Many may have the idea that San Antonio couples do not need a reason to end their marriages. The truth, however, is that if you are seeking a divorce, Texas law requires that you have a valid reason for doing so. Almost all states have well-defined scenarios that constitute valid grounds for divorce. The one that you cite as the reason for ending your marriage will determine of yours will be considered an at-fault or no-fault divorce.

The Texas Family Code list the following actions as justifying the dissolution of your marriage:

  •          Adultery
  •          Cruelty
  •          Abandonment

In the case of abandonment, your spouse must have been away for at least one year.

Your being confined to a mental hospital or convicted of a felony are also acceptable grounds for divorce in the state. If you cite any of these reason in your petition for a divorce, then yours is considered to be an “at-fault” case. In other words, you are placing the fault for your divorce on your spouse due to any of the aforementioned actions.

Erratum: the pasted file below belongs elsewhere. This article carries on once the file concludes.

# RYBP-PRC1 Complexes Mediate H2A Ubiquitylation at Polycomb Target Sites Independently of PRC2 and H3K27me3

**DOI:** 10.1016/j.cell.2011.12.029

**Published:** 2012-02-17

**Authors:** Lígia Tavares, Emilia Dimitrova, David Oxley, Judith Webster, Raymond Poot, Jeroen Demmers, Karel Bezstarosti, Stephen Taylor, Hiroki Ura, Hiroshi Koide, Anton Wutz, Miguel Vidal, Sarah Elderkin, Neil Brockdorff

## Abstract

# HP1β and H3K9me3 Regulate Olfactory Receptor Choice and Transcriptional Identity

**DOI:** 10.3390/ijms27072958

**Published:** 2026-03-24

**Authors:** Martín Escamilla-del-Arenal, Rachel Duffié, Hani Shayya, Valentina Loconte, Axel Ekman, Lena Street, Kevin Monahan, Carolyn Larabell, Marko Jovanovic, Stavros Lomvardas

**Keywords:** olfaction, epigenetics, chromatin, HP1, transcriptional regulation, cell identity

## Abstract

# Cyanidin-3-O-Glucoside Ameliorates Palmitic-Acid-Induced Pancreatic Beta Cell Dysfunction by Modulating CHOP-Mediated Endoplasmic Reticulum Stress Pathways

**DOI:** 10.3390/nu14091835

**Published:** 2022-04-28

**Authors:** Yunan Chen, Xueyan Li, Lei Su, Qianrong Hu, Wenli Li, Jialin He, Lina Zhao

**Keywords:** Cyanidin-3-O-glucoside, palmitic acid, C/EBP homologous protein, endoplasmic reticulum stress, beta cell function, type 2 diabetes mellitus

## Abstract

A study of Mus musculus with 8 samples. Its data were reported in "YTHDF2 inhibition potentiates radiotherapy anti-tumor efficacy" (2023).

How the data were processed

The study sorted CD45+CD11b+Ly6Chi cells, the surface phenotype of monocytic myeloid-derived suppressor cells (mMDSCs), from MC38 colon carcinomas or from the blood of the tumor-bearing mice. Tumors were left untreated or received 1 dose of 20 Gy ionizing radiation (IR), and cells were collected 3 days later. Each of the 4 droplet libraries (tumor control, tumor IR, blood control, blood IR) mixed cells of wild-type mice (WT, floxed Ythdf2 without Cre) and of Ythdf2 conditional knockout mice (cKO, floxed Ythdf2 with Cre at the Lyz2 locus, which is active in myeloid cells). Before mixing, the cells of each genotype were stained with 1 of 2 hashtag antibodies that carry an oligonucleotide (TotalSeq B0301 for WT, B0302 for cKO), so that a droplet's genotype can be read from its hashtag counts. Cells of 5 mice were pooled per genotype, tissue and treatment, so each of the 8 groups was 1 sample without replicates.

By contrast, a “no-fault” divorce means that you are not placing the blame for your separation on either you or your spouse. This happens when you cite insupportability as your reason for divorce. Insupportability is equivalent to irreconcilable differences, or disagreements that you and your spouse may have that lead to such discord and tension as to make your marriage intolerable.

While almost every state allows for some form of no-fault divorce, some require that both you and your spouse agree that irreconcilable differences do exist between you. However, Texas is not one of them. Thus, you are still able to proceed with a divorce even if your spouse does not want it.